By Tyler Allen Big Sky Weekly Staff Writer
The photographs collected in the new book, “Montana: Skiing the Last Best Place” are as eclectic as the state’s 17 ski areas themselves. From panoramic aerials to portraits of rustic base lodges, the images – all the work of Bozeman photographer Craig Hergert – are a striking compendium of the places Montanans go to slide on snow.
The large-format coffee table book includes more than 200 pages of glossy photos from all corners of Montana’s ranges, and is accompanied by writing from Big Sky’s own Brian Hurlbut and a forward by ski movie pioneer Warren Miller, who writes, “You can now view all of Montana’s beauty by simply flipping through these pages.”
Hurlbut’s stories tell of the quirky histories of these resorts. Opened in the 1930s west of Missoula, Lookout Pass was one of the first ski areas in the U.S. and today is known for its free Saturday lessons for kids. And then there’s Blacktail Mountain, which has the only “upside down” lodge location in the state, where parking and après happens at the top of the hill – Hergert takes you there with a two-page panoramic photo of Flathead Lake and the snowy Mission Range towering behind it.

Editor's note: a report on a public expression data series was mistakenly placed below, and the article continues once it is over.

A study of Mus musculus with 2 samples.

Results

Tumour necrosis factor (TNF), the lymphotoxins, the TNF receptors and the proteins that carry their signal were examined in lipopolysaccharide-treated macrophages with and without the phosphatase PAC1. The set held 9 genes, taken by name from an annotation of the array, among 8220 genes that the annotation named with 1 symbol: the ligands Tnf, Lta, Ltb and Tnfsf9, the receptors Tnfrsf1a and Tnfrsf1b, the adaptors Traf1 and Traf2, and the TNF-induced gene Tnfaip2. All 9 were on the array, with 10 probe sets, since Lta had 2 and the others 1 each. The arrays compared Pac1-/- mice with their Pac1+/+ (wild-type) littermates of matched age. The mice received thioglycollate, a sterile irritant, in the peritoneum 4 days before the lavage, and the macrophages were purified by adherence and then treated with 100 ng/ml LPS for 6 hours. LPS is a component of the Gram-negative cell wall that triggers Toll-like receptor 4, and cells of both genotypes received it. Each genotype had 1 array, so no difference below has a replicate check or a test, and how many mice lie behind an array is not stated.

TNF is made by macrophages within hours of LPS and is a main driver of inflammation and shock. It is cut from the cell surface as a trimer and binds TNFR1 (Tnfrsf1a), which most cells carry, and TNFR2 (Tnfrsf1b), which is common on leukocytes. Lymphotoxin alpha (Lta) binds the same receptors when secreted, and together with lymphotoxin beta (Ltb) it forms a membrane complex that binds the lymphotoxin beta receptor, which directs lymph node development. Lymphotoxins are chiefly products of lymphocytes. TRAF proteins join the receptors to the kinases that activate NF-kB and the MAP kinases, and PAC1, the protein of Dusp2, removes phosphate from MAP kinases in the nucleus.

A 25-page section devoted to Big Sky and Moonlight Basin resorts shows the iconic Lone Mountain from nearly every angle.
“Winters here are cold and long, making for excellent skiing conditions from November through April,” Hurlbut writes. Most of Hergert’s photos show the mountain under bluebird skies, and Hurlbut amends, appropriately, that “Big Sky sees its fair share of sunshine during the winter, as well.”
From deep powder at Bridger Bowl to Great Divide’s “rambunctious” night-skiing crowds, this new book celebrates Montana’s winter lifestyle.
“Sure, Montana has a couple of ‘deluxe resorts’… but it also has a lot of small ski areas where skiing is just like it used to be,” Miller writes. “Simple, beautiful and quiet.”
Hergert’s new book will inspire you to explore these simple, beautiful places and satiate your winter thirst in the meantime.